Today the new Oxford Professor of Poetry has been announced. Today on his 78th birthday, Geoffrey Hill won “by a landslide” the papers reported. The election had some bickering but none of the publicized underhandedness of last year. I hope, I hope, to hear him read in person.

I found this in the Guardian and liked it:
“Nobody reads a poem to find out what’s in the last line,” George Szirtes is quoted in Stephen Moss’ article about the future of poetry. “They read the poem for the experience of traveling through it.”

This week, urged by Clive James, I read Auden’s “The Fall of Rome.” (Auden was another Oxford Professor of Poetry.) I like it more as I re-read it. My favorite phrase is “Private rites of magic,” which sounds like a great title for a book, and also the lines “An unimportant clerk/writes I DO NOT LIKE MY WORK/ on a pink official form.” And most of all, the last stanza, which is one compact and beautiful dappled image in motion:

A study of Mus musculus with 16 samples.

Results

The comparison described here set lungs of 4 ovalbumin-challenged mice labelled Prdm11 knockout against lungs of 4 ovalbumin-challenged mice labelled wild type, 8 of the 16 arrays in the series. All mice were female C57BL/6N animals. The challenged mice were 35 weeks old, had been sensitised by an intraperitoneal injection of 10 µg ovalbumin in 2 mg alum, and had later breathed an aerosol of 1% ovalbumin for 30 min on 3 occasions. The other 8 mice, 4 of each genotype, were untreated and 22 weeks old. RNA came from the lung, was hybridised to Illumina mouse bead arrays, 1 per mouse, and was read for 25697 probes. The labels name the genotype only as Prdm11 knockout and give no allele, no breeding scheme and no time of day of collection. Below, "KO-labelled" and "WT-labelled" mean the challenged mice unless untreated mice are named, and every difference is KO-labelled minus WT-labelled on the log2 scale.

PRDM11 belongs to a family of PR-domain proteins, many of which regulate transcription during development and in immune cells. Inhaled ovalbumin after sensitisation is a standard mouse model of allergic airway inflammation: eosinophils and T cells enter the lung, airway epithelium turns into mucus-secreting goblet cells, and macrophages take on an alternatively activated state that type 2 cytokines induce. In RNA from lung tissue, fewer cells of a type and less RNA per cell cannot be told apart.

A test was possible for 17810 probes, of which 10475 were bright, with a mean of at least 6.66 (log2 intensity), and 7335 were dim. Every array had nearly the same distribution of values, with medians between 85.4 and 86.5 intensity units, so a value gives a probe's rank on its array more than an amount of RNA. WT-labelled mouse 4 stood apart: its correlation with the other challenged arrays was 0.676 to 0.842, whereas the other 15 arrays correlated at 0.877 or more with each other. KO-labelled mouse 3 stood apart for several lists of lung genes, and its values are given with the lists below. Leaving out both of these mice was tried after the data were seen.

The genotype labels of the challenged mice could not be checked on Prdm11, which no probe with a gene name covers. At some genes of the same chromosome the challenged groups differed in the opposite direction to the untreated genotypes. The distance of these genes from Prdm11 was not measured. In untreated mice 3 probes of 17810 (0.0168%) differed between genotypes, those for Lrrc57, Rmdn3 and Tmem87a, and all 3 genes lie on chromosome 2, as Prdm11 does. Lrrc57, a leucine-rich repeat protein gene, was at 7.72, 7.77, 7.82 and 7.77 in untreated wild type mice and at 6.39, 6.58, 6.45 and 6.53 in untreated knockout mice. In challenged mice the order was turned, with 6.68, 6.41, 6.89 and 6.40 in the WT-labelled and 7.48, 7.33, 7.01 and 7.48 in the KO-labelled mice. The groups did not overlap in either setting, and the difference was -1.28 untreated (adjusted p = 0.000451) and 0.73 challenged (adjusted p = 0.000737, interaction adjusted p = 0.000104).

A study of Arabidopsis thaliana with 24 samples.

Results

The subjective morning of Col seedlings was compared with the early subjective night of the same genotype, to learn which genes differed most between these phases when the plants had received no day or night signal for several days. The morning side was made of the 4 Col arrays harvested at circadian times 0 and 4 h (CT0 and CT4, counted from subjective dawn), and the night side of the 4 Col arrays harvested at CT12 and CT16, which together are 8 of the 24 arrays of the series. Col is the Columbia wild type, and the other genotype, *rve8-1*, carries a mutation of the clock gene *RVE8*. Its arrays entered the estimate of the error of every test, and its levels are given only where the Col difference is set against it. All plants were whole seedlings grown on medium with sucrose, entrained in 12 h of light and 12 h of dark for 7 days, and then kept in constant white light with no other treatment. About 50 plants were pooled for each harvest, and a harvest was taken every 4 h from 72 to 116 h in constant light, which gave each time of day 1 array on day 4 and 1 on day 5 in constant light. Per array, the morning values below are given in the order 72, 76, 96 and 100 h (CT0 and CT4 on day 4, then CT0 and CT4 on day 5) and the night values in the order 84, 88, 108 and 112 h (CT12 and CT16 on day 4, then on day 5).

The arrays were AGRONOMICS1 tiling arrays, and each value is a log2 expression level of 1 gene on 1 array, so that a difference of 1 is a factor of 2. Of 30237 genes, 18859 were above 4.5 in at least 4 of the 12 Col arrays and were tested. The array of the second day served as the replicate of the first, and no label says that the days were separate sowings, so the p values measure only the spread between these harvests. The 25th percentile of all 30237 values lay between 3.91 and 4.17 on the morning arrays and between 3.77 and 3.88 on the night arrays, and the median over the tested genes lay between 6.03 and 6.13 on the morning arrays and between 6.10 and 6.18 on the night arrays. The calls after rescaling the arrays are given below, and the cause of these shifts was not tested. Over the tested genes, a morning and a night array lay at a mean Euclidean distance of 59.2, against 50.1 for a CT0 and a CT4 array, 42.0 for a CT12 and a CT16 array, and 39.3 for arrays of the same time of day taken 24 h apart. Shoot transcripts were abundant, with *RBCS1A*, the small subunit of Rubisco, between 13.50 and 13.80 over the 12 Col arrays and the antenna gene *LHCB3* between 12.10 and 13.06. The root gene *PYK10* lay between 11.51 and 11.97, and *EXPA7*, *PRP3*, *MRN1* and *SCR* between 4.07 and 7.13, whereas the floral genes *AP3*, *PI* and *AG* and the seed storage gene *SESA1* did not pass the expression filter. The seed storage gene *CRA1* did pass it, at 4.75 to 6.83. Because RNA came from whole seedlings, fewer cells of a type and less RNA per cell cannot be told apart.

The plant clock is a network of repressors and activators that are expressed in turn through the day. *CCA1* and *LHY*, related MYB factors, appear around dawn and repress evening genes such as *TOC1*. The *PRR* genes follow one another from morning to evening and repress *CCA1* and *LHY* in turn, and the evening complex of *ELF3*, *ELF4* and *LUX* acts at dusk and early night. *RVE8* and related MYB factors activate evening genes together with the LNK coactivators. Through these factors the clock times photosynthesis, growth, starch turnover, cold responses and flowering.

“Altogether elsewhere vast
Herds of reindeer move across
Miles and miles of golden moss
Silently and very fast.”

You can read the whole poem here.




On another note, I come to Allegro’s every Friday morning to drink a mocha and type à la machine, and there are two young men who also come in every week just before eight o’clock. The first time I saw them, I couldn’t stop listening to their conversation, because carried on in smooth and cultivated tones (the kind never heard in Seattle from straight males) was the most preposterous student-ish back-and-forth about who read what in the original Russian and what Nabokov really meant in Pnin and Chopin’s best piano concerto and whether to go on to Princeton or Duke or Stanford and how to spend one’s time intellectually during the summer… They are endlessly fascinating. Like a pair of politely verbal ballroom dancers.